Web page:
Daily Reflection
June 24th, 1999
Larry Gillick, S.J.
The Deglman Center for Ignatian Spirituality
Isaiah 49:1-6
Acts 13:22-26
Luke 1:57-66, 80

We celebrate today, "Little Christmas," the birthday of the one who proceeded Jesus in birth by six months and preceded Jesus by proclaiming His coming.

We hear in today's first reading from the liturgy, a prophesy of one who boasts that the Lord gave him his name before he was born.  The liturgy uses this passage from Isaiah to render our ears and hearts ready to consider the hiddenness and yet the importance of John as servant.  John is to be the "light to the nations that My salvation may reach to the ends of the earth."

In our second reading for this major feast, we hear Paul telling of the great work of John, "John heralded the coming of Jesus by proclaiming a baptism of repentance to all the people of Israel."

In the earliest days of the new Christianity, there was a question about whether John or Jesus was the savior, the messiah.  All four gospels make it clear that John was the one running before Jesus announcing His advent.  "What you suppose me to be, I am not.  Rather, look for the One Who comes after me.  I am not worthy to unfasten the sandals on his feet.  We hear this often during our Advent season and the Church presents this important reality to us at the beginning of summer, which in our part of the world is the beginning of our growing, our fruitful time.  We are reminded again, as were Paul's listeners, "It was to us that this was sent forth."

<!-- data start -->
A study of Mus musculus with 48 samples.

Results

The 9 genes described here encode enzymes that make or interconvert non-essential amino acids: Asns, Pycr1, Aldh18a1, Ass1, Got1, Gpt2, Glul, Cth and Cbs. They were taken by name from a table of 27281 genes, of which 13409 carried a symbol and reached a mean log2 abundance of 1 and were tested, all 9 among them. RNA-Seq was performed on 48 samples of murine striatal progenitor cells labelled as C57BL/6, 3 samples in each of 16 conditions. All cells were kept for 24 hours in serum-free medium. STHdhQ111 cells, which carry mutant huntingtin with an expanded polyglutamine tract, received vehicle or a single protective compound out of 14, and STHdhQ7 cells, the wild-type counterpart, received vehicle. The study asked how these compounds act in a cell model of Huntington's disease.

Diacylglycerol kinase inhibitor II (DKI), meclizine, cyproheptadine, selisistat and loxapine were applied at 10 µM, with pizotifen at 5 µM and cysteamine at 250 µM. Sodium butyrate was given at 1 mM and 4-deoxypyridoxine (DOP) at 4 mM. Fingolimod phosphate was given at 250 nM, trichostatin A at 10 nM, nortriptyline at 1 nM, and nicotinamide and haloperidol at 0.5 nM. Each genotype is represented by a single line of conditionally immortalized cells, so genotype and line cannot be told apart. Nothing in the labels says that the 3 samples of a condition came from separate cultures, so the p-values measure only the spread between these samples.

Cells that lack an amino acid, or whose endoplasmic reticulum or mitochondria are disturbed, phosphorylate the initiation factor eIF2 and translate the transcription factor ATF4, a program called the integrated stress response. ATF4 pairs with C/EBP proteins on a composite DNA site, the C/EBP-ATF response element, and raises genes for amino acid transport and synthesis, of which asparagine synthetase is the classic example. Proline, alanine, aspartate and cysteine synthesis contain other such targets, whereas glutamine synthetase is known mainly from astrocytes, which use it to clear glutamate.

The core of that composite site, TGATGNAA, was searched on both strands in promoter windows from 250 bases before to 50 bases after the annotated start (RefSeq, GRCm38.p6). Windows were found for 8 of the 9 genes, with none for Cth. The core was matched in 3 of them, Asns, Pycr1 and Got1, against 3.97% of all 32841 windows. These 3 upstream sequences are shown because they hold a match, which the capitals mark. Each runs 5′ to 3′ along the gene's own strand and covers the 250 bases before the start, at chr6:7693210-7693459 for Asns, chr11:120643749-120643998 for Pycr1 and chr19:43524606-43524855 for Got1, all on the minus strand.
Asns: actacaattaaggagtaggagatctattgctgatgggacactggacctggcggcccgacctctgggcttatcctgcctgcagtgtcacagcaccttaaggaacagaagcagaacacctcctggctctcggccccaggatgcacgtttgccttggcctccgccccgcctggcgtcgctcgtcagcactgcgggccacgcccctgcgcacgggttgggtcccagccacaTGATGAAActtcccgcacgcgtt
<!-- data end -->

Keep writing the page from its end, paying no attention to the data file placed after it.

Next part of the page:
The Gospel is a birth narrative with a twist. The child is given a name not according to family tradition. The father had been struck dumb at John's conception, and now he writes the name of the child and his tongue is freed to speak "in praise of God."  The news spread about this event and they wondered, "What will this child be"?

This feast celebrates God's plan and God's ways of working out the great plan of our salvation through the natural ways of the human.  There is birth and there is mystery.  There is greatness, but revealed through the little.  There is the importance of time, but all done in God's good slow time.  John grew up and lived in the wilderness; Jesus grew up in the closed-life of Nazareth.  When it was time the growing was over and the fruitfulness of salvation appeared and was offered.

Our lives are hidden and yet His light shines through us.  We are significant if not so important in this world.  "Sign-makers" we point beyond, ahead and inside as well.  As signs, like John, we announce, alert and indicate that there is a greater one Who is revealing Himself as the One Who comes, if we but wait for God's good time.

John's birth is a celebration of the dignity of both those who went before Jesus and those of us who are born to follow.  All creation, now coming to birth again, assume this sacramental dignity of being signs of the One Who gives birth, life, growth and resurrection, if we but wait our turn to make His pathway straight.  Merry "Little Christmas."